Security Hygiene: Focusing on What Matters Most

Author:Jeff Propes
Date:June 11, 2016

Follow along with me at


Standard Security Models

Why These Models Suck^WNeed Improvement

Hygienic Security Defined

Axioms of Computer Security

Things Not Covered

What we won't discuss with our limited time today:

The Typical Security Model

Security practices typically follow a well-defined model of risk assessment [1] [2]:


Threat - A potential harmful occurrence

Vulnerability - A weakness that allows a threat to cause harm

Risk - The quantifiable value of a threat to a vulnerability

Scope - Selection criteria to determine relevance

Resources - Money, time, attention, talent

A Worse Security Model

When security vendors come calling:

A Worse Security Model - Analysis

What changed from the original model?

Even Worse

The untrained (newbies) can fall into a purely reactionary pattern:

These Models All Suck

These risk analysis-based models have serious flaws:

Implementation Details

It's too easy to become captivated by the details of one particular threat. Example: SSL certificates

Compromises Still Happen

"Some organizations have the enviable position of ample information security funding, yet they are often compromised. Why?"

We Can Do Better

The standard models require large amounts of resources and an economics-like process for allocating them. If you don't have large amounts of resources or a degree in economics, then what are you to do?

Holistic approached based on an analogy to hygiene and the human body.

Defining Hygiene

"Hygiene refers to conditions and practices that help to maintain health and prevent the spread of diseases." [4]

Defining Hygiene cont.

Hygienic security practices are not so rigorous as the standard security model.

High quality guidelines that can be bent or neglected on occasion

If we treated our health like the risk assessment model, we'd never leave the house

Avoid taking things too far: e.g. Anti-Vaxxers, germophobes, FoodBabe, etc

Examples of Hygienic Security Practices

Hygienic Security Crossover

Hygienic security practices look a LOT like best practices from other systems disciplines:


The security analogy to hygiene is insufficient on its own as it lacks adequate context

The following slides are a personal collection of axioms regarding computer security

They are largely born of my observations over the past 15 years

Note: also partially inspired by Rich Mogull's guiding security principles [5]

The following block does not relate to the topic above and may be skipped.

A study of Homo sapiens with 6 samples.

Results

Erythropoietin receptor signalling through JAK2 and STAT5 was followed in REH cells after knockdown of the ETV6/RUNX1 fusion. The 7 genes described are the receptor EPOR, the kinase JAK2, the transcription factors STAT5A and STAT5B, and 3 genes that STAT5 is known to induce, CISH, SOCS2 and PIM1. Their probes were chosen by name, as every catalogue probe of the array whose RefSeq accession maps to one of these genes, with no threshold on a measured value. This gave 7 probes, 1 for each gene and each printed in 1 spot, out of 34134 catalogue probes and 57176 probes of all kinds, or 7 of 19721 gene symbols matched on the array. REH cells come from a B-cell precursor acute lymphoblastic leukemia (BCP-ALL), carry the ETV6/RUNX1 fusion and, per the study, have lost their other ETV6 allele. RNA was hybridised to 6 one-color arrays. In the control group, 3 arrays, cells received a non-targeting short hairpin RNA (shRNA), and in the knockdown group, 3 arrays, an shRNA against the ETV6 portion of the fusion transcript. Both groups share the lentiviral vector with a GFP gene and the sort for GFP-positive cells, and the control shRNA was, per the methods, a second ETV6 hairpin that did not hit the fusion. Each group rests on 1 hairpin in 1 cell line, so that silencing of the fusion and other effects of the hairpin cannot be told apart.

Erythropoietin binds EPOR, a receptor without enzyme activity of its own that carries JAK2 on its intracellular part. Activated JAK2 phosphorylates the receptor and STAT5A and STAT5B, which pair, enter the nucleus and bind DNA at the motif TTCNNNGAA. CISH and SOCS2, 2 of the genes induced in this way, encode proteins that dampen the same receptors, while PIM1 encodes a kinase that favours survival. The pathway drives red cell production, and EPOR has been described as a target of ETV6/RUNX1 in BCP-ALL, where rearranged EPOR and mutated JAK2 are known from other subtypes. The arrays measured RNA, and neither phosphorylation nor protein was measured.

Axiom #1 - Red Team

Axiom #1: Think like a red teamer.

Axiom #2 - Users

Axiom #2: Users are lazy. They are also unfixable.

Axiom #3 - Attack Surface

Axiom #3 Minimize your attack surface.

Axiom #4 - Defense in Depth

Axiom #4: Defense in depth.

Axiom #5 - Trust

Axiom #5: Be stingy with trust.

Axiom #6 - KISS

Axiom #6: Simple things are easier to protect than complex things.

Axiom #7 - Breaches

Axiom #7: You will be breached. Plan accordingly.

Physical Security

Show of hands: How many of you have hard drives or jump drives sitting on your desk at work right now?

Social Engineering

Corollary of axiom #2: because users are lazy, they can be taken advantage of by an attacker who's prepared


Security is not easy to do well and common approaches take a LOT of RESOURCES and TIME

With a hygiene-based approach, one can quickly sift the workload into what's important and what's less so

Apply security axioms with great prejudice (especially percussive maintenance)


Thanks for coming!

This presentation can be found permanently at


[1]Conrad, Eric, Seth Misenar, and Joshua Feldman. "Risk Analysis." CISSP Study Guide. 3rd ed. Burlington, MA: Syngress/Elsevier, 2010. 58-59. Print.
[2]Bayne, James. An Overview of Threat and Risk Assessment. SANS Institute, 2002. Web. 1 June 2016. <>.
[3]Conrad, Misenar, Feldman. "Budget and Metrics." CISSP Study Guide, 64
[4]"Hygiene." Health Topics. World Health Organization, n.d. Web. 09 June 2016. <>.
[5]Mogull, Rich. "My Personal Guiding Security Principles." Securosis Blog. N.p., 30 Dec. 2009. Web. 06 June 2016. <>.
[6]Northcutt, Stephen. "The Attack Surface Problem." Security Laboratory: Defense In Depth Series. SANS Institute, 7 Jan. 2011. Web. 09 June 2016. <>.
[7]Propes, Jeff. "So You Were Breached. What Now?" SELF 2016 Presentations., 10 June 2016. Web. 10 June 2016. <>.
[8]Nickerson, Chris, and Ryan Jones. "37: Social Security Engineer." Exotic Liability. Podcast Chart, 5 Aug. 2015. Web. 09 June 2016. <>.